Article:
1000 Londoners claims to be the most
indepth and expansive documentary series ever produced about the city and the people who live here.
Produced by South London based, film production company and social enterprise, Chocolate Films and part funded by City Bridge Trust, it launched at Bafta’s 195 Piccadilly venue on 23rd April 2014,
its first films are now available.
[E]ach week viewers will be able to watch a 3-minute film about a new Londoner. The range of stories will be as diverse as the city itself.
Documentaries that can currently be viewed include Londoners such as Griff, a former soldier who now sells replica guns; Marawa, the United Kingdom’s best hulahooper; and Frank, a 14-year-old boy who is overcoming ADHD with sleight of hand magic.
The filmmakers will be both producing the films and providing opportunities to young people and community groups to make their own short documentaries, which will contribute to the 1,000 films.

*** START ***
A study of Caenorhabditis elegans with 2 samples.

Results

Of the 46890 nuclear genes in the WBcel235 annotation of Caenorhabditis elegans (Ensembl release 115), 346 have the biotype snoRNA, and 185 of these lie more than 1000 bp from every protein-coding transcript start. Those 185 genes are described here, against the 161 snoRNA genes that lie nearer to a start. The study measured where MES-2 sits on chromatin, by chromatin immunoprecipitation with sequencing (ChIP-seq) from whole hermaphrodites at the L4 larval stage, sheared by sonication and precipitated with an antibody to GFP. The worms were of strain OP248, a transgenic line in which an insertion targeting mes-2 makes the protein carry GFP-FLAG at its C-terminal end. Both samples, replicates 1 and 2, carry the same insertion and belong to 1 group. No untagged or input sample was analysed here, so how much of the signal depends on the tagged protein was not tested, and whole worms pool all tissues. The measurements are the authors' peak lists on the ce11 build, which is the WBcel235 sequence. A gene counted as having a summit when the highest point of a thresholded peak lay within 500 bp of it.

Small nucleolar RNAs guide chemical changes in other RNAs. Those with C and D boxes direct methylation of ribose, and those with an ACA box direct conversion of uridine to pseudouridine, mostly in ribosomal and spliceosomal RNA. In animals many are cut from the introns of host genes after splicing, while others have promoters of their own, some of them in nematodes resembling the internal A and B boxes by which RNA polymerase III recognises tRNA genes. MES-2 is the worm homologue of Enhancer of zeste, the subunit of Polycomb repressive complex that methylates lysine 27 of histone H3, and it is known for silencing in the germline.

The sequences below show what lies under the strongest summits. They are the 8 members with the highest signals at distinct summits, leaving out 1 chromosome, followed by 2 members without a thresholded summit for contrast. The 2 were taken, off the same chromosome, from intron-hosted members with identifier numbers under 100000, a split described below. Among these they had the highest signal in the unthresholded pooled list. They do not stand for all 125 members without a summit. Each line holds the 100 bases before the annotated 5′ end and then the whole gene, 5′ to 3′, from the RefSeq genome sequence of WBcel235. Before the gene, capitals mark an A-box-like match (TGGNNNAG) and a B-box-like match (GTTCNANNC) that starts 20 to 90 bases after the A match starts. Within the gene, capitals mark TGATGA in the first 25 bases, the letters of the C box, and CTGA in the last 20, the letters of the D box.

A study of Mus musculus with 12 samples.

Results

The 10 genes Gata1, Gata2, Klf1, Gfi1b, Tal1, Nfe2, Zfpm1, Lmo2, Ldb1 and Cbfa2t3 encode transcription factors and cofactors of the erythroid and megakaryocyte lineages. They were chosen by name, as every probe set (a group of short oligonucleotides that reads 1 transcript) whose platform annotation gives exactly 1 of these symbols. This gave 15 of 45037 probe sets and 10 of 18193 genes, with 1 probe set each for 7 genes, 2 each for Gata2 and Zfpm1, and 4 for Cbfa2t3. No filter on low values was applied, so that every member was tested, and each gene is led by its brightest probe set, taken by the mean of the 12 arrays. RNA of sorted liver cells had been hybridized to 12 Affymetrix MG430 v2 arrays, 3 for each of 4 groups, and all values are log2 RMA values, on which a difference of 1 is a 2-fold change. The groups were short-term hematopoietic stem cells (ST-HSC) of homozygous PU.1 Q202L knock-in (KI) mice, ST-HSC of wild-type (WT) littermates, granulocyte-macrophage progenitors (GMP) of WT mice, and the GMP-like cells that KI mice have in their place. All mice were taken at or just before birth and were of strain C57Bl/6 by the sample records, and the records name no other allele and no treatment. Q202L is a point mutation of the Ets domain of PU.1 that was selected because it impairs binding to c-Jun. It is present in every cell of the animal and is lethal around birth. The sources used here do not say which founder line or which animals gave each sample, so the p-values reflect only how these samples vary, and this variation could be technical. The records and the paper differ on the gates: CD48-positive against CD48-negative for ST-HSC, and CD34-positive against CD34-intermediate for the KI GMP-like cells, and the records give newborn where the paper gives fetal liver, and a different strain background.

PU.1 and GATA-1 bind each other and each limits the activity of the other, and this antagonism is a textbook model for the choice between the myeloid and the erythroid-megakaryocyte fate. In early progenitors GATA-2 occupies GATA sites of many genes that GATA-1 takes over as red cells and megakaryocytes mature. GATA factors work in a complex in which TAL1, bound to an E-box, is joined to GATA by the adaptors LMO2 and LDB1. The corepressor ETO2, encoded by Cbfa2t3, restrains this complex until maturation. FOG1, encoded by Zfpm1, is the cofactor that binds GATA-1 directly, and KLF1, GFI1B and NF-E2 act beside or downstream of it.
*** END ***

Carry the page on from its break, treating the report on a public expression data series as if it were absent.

Brixton based film production company, Chocolate Films, specialises in documentary film production and learning programmes. Set up 11 years ago, by directors Mark Currie and Rachel Wang, it has a team on 10 filmmakers providing full production services to charities, museums, galleries and heritage organisations, as well as cinema documentaries.
Engaging with over 2,500 young people a year their learning and outreach programmes use digital media in innovative ways, inspiring young people to voice their opinions and reach their full potential.
Telling human stories and endeavouring to make films that can actively assist people to change the world for the better, either through direct campaigning or awareness raising.
One recent film is Paul, the London cabbie who has had in his cab: Roger Moore, Michael Caine (’not a lot of people know that’), and Mrs. Right.
Typically of 1000 Londoners Paul talks of his City:
“I love London through that little bit of haze. When you’re bringing tourists in from the airport, you see their whole world light up . . . but that’s it, you never lose your memories of London”.
All of Chocolate Films workshops are structured appropriately to create a supportive working environment to enable the young people to reach their full potential.
Directed by Reece Lipman for Chocolate Films, Paul’s story is told from the back seat of a traditional London cab as it drives through the streets of central London telling stories about the people who’ve been in the back of Paul’s cab.